SOURCE.—An empyreumatic oleoresin obtained by the destructive distillation of the wood of Pinus palustris Miller, and of other species of Pinus. The pine logs are cut into billets, and built up into a stack and covered with earth, as in making charcoal. Slow combustion is started through an opening in the top of the stack, and the resinous matter, as it melts out and collects in a cavity in the center, is drawn off into barrels.
DESCRIPTION.—A resinous, black semiliquid, of an empyreumatic, terebinthinate odor, and a sharp, bitterish, empyreumatic taste. Acid in reaction. Partly soluble in water.
Birch tar, Dagget, or Oleum Rusci, from Betula alba Linné, has an odor similar to that of Russian leather.
CONSTITUENTS.—Tar is a very complex substance, varying with the kind of wood, amount of resins present therein, and the care exercised in its preparation, the chief constituents being an empyreumatic volatile oil, pyrocatechin, acetone, xylol, toluol, cresols (creosote), guaiacol, phenol, etc. The acid reaction which characterizes tar is due to acetic acid, obtained in an impure state as pyroligneous acid by distillation. In the retort is left behind the ordinary solid and fusible pitch of commerce.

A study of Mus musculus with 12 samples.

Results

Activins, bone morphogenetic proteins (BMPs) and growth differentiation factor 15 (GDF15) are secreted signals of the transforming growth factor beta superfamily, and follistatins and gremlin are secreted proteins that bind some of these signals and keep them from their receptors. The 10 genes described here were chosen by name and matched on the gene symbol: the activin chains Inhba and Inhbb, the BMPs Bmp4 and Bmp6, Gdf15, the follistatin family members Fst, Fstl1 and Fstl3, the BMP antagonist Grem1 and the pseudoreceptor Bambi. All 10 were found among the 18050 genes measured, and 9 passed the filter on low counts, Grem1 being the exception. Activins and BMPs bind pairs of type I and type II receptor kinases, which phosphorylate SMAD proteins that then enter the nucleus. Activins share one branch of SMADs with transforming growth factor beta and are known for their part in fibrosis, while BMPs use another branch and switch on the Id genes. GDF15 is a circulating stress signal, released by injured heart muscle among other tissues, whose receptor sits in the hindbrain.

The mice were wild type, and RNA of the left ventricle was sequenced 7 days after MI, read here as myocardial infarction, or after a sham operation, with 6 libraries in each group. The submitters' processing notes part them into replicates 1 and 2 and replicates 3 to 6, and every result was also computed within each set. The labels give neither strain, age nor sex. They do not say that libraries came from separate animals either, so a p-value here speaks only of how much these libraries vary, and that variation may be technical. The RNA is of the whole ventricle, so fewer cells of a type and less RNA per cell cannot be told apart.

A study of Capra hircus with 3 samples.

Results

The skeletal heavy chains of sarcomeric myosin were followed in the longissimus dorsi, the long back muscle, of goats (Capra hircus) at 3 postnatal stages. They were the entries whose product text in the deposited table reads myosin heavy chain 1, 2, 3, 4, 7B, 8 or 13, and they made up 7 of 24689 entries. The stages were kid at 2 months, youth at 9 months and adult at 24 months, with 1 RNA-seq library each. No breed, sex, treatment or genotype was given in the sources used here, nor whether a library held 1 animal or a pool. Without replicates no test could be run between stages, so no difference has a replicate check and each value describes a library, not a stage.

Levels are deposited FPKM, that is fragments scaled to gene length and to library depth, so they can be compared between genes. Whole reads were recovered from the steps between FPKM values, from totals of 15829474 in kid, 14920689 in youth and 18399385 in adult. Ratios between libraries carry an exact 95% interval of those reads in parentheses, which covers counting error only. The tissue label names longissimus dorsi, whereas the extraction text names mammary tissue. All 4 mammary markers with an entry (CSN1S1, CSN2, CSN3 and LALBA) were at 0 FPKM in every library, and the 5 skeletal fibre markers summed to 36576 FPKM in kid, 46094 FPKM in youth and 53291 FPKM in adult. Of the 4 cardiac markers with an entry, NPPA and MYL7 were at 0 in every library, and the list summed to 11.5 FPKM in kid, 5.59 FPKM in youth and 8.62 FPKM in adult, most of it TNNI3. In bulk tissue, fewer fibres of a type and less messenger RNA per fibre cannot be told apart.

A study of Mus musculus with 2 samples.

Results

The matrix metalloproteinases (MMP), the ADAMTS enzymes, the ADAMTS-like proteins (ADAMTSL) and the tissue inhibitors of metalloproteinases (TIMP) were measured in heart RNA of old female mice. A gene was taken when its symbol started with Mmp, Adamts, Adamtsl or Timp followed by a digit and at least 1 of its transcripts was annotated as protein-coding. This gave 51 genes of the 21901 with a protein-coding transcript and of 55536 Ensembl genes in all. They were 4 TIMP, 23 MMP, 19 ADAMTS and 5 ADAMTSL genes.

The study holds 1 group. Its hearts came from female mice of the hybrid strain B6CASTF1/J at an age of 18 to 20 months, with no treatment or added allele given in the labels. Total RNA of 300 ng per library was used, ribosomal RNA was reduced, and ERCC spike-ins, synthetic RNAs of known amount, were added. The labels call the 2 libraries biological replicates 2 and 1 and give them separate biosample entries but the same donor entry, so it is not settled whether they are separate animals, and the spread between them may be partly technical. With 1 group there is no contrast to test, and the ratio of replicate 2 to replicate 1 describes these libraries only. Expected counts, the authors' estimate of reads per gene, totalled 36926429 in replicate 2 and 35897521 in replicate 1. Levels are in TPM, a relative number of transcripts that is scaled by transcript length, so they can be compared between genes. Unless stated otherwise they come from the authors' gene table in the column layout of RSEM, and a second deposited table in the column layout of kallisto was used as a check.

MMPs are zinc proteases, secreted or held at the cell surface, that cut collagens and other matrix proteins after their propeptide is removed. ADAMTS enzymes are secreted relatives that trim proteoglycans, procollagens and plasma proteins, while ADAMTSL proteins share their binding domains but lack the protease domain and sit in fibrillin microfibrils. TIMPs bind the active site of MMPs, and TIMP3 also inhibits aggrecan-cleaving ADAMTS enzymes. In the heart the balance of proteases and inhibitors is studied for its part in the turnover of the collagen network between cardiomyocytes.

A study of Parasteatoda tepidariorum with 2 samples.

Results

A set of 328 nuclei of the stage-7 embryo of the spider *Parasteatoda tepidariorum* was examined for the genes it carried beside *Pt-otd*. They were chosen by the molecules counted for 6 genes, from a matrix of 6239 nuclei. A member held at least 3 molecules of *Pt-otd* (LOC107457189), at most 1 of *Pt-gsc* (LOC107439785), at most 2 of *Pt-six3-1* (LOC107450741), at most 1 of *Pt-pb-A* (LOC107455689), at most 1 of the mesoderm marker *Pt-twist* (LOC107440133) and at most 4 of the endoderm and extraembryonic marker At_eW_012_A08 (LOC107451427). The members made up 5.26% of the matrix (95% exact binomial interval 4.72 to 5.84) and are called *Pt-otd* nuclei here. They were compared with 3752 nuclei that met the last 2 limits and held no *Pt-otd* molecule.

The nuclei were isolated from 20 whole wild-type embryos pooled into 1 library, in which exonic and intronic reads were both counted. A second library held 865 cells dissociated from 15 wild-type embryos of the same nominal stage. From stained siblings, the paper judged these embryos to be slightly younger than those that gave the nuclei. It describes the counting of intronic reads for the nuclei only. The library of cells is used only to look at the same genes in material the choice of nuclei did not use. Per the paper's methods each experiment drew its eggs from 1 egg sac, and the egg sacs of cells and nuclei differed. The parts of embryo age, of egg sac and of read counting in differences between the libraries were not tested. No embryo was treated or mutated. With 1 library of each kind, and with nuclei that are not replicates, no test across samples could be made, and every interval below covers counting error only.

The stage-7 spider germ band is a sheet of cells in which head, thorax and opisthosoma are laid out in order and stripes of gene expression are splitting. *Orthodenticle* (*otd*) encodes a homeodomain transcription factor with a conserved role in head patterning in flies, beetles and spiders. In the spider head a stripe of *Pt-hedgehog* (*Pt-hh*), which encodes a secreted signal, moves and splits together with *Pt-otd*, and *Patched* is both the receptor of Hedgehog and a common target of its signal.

ACTION AND USES.—Stimulant, irritant, insecticide, similar to, but less irritant than, the turpentines. Dose: 8 to 60 gr. (0.6 to 4 Gm.). The syrup is much used in pulmonary affections.
- OFFICIAL PREPARATIONS.
- Syrupus Picis Liquidae (0.5 per cent) Dose: 1 to 4 fl. dr. (4 to 15 mils)
- Unguentum Picis Liquidae (50 per cent.).
28a. OLEUM PICIS LIQUIDAE RECTIFICATUM.—OIL OF TAR. A volatile oil distilled from tar, the residue left being common pitch, pix nigra. A nearly colorless liquid when first distilled, but soon acquires a dark, reddishbrown color; it has the characteristic odor and taste of tar, which depends upon it for its medicinal properties. Dose: 1 to 5 drops (0.065 to 0.3 mil), in capsules or emulsion.
A Manual of Organic Materia Medica and Pharmacognosy, 1917, was written by Lucius E. Sayre, B.S. Ph. M.